It’s popular belief that anyone born after 1980 is technologically literate and keen to work independently from a mobile device wherever there’s great coffee and even better wi-fi.
But only one of those two statements is true.
Although generation y ‘Millennials’ and their ‘generation z’ younger siblings demand flexible work places that balance the job with their personal life they’re not the ones who most need it. Many employers may unwittingly turn off their best talent by failing to provide the support at the right junctures along their workers’ career paths.
The Deloitte Global Millennial Survey found more than half (55%) of young workers would quit their jobs within two years if their employer didn’t support their professional development through training and mentors — nearly three-quarters (71%) over five years. Tightly correlated were those who would leave a boring work place (54%/73%) or refuse rigid hours and work location (56%/70%).
Conversely, the Australian Bureau of Statistics found in its Pregnancy and Employment Transitions survey more mothers now stay in their jobs during pregnancy and return to their previous roles when their children are born, suggesting employers are offering more diverse and flexible workplaces.
But a mother tends to take longer to return to work after her child is born. Of the 246,700 women (42%) who started or returned to work since the birth of their youngest child, a quarter spent 10 months or more on maternity leave (21% in 2011).
So while presumably older and more senior employees with young families and stable career trajectories most need to work remotely — returning from parental leave and raising kids — gens y and z crave mentoring and mutual support they find most readily in the office.
This challenges traditional notions of who most desires flexible work places because, while under-35s appreciate choice, older workers and parents of young children most need it, says OBT managing director Shane Muller.
“We've seen that [younger workers] prefer not to be dictated how to work,” Muller says.
“It's not about working in the office only or working remotely only but giving them that choice. And when that choice is an equal and a level playing field, they will gravitate to what gives them greater satisfaction.” (The Australian Bureau of Statistics estimates about a third of workers or more than 4.5 million Australians usually work from home, up from 3.5 million in 2015.)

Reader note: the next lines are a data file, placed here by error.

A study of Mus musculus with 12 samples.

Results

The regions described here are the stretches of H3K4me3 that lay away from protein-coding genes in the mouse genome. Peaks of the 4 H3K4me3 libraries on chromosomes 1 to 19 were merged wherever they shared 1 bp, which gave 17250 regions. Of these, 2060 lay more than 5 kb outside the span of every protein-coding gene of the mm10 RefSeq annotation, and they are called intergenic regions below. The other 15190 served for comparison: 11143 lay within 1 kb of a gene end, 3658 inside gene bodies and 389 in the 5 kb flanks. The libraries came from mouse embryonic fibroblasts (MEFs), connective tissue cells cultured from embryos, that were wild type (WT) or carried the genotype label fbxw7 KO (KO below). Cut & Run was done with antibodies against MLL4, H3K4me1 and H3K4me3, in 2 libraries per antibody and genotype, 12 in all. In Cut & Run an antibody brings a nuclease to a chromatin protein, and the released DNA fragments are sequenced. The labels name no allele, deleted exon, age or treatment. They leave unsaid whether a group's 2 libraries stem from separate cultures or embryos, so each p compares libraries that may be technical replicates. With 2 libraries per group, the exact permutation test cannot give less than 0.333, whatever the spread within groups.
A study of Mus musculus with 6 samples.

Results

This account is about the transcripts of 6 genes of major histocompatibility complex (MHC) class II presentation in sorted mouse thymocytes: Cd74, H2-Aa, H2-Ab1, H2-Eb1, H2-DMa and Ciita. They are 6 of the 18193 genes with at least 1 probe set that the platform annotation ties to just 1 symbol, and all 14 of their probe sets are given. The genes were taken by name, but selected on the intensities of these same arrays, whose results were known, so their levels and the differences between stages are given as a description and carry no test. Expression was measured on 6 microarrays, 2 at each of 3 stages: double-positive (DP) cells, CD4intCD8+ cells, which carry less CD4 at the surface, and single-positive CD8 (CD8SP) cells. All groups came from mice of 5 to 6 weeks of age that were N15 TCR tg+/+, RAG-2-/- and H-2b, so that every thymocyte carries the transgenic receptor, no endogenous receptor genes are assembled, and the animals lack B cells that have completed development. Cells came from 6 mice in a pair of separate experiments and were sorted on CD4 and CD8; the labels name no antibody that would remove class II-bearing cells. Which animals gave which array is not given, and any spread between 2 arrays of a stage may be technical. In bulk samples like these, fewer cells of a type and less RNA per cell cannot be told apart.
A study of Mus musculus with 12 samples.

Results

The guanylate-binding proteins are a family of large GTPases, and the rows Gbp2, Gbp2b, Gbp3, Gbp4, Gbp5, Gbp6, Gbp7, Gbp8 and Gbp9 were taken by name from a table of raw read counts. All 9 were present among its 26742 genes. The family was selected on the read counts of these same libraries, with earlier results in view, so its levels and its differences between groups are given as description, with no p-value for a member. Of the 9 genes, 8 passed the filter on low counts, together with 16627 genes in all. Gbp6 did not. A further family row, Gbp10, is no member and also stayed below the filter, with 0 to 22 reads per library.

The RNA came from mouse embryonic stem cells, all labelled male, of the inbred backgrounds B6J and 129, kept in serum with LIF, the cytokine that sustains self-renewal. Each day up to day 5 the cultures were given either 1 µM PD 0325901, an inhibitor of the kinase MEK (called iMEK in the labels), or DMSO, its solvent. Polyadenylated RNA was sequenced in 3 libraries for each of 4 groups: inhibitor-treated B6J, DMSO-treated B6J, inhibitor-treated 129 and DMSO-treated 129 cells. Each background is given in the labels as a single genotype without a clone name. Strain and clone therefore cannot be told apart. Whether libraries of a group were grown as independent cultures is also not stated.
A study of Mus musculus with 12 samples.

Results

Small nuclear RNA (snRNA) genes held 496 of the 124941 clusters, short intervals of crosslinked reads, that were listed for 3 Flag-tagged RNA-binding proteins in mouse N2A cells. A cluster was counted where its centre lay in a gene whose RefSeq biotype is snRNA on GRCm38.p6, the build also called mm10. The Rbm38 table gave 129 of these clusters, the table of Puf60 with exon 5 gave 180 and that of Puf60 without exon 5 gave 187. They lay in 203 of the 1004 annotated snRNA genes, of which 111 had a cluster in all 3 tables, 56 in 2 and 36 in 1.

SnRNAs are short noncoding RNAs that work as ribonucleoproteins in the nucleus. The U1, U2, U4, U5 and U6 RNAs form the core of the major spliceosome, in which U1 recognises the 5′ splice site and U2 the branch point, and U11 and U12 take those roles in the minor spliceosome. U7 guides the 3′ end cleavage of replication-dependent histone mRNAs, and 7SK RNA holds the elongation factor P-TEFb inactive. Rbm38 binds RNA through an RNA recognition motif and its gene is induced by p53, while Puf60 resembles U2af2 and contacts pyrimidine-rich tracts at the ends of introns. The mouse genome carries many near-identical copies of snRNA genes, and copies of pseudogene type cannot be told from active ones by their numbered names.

Muller says mobile and remote-work technology such as collaboration and broadband has enabled generations of parents to split their attentions between home and the office and return to work on their own terms.
“Almost 20 years ago, when we set out delivering these services, 80% of our users were mums … because it gave them the option to work around their [children while] engaged in their careers. And so we've seen a tremendous opportunity in this technology where working mums return [to work] at times beneficial to them.”
And it’s not just parents who need flexibility and support. More than half a million Australians sustain a work-related injury or illness each year at an estimated cost of $61.8 billion and one in 10 workers or a million people have a disability — a third of whom are professionals or managers.
So providing a mix of approaches from remediating work spaces and office layouts to providing remote access is essential for retaining valued employees while boosting their satisfaction and productivity, Muller says.
Minding the ‘digital workaholic’
Although the spread of enabling technologies eases the burden of these groups and empowers employees to virtually congregate and work anywhere, there is a caveat — wireless devices and networks, collaboration tools and cloud may lead to sub-optimal outcomes if left unmanaged.
OBT provides activity metrics to help its managed services customers balance their employees’ work-life balance. It’s important to monitor ‘digital workaholics’ because they are prone to burnout or leaving the organisation, which hits the business’s bottom line. It costs an employer $15,960 to replace a worker on a salary of $45,000 while the same employee costs $244.75 each day they are absent.
“This technology delivers the ability and choice, which means people sometimes work longer. A well cultured organisation will implement a policy or have metrics to ensure staff are not overworking,” Muller says.
Managers sometimes contribute to feelings of stress and overwork in their employees. They must be wary that if they send messages after hours, they may cause undue stress for the recipient who feels compelled to act.
“And one reply leads to the next email and the next and so we've we see where sometimes this technology can be a trap if the organisation doesn't set the tone and culture from the outset.”
Muller fires off scores of emails most weekends but doesn’t inflict them on employees outside of office hours. He stages emails to hit their inboxes when he thinks they will be well received, such as on a Monday afternoon or Tuesday, for less important messages.
“We have found that when people have the choice [when and where to work], they don't have the discipline to not work. That does cause tension within a family environment.
“And often the finger ends up being pointed at the organisation.”
Have you the right culture and technology to empower each of your employees with consideration for their unique circumstances? Chat to OBT for a confidential discussion of how you can elevate your culture to help your workers perform at their best.